Even if you’re not single the sense of having to adhere to the constraints of what the majority think of as the norm or the fun thing to do are all too prevalent in this bleak but telling tale of social constraint and conformity. Colin Farrell stars as David, a man who’s wife has died and who comes to The Hotel seeking a suitable partner. In an all-star cast Oscar winner Olivia Coleman plays the hotel manager, a would-be matchmaker who’s job it is to ensure that the rules are kept and that people are either matched up or meet their fate. The sense of a fun holiday camp/ tour operator type that Coleman plays sets the tone for the entire film. This is one of those awkward teenage discos many of us went to back in the day, except that the teenagers are full-grown adults and the disco has a sinister side. One of the scenes that typifies the entire film is when four of the characters go into the city to meet friends, they feel the need to pretend that they are matched up to each other, pretend to be someone that they are not.

The fact that each of the guests who are staying at the hotel live with the threat of being turned into animals; perhaps a commentary on the predatory elements of dating that can often be ignored or overlooked in favour of the much more appealing slushy stuff.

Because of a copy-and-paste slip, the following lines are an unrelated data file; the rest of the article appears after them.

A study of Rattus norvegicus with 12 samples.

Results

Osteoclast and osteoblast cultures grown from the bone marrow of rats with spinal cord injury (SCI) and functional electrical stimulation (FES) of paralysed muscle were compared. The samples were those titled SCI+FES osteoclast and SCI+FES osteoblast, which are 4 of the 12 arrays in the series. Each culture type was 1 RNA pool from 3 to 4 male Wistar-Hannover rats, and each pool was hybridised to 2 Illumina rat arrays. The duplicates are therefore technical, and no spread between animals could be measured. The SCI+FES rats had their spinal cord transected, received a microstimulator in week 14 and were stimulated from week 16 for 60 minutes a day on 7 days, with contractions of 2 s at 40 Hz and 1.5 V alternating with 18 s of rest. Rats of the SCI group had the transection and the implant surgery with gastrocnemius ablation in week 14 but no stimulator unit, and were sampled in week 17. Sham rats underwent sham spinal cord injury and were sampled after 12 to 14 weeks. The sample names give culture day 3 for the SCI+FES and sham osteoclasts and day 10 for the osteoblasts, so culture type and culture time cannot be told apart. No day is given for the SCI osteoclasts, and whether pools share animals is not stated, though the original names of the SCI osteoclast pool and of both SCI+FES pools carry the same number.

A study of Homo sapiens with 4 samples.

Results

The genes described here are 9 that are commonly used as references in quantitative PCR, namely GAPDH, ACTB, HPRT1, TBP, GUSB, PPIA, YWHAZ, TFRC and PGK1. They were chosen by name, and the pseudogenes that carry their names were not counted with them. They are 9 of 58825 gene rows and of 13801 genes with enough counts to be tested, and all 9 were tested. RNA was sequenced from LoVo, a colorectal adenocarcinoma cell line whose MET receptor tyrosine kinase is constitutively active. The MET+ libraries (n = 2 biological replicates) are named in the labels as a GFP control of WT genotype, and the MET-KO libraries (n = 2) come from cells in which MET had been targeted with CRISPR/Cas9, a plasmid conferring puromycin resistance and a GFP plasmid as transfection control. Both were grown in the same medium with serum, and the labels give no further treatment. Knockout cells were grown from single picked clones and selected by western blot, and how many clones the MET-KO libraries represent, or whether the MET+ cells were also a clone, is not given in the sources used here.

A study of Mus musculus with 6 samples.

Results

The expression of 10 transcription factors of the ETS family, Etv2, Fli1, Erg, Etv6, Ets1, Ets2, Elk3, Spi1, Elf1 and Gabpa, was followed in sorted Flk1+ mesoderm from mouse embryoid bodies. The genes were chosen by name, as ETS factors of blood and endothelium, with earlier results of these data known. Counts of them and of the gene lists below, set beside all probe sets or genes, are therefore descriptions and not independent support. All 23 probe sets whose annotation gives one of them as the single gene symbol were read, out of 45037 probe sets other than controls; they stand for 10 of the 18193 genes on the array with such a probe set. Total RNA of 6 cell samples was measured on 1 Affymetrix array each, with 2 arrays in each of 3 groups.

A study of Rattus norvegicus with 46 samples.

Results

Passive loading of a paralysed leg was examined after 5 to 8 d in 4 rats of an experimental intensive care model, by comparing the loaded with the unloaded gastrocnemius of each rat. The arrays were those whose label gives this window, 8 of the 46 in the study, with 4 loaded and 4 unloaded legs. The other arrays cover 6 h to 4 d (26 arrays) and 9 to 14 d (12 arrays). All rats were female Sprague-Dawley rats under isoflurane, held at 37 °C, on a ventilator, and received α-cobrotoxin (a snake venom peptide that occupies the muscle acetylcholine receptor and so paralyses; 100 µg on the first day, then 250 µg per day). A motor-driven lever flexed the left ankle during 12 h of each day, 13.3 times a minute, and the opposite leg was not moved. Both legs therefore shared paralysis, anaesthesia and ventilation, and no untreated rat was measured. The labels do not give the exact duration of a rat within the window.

Where the film does seem to turn things on it’s head however is when David and some of the other residents find themselves escaping the hotel come across a group of fellow escapees where the complete opposite conformity; namely that of remaining single and not being permitted to have a relationship come into play. The narrative faces another twist when David begins a romantic relationship with one of his fellow forest dwellers. As their relationship develops the two form a language of their own as a way of secretly communicating, in much the same way as those within a relationship form a special bond and communication unique to them.

Despite a rather bizarre; which in fairness is no less bizarre than the rest of the film, and therefore in keeping. This watchable drama is an excellent social commentary on the way humans interact with each other and the strange fixation that many people often have on relationships and how they are conducted in modern society.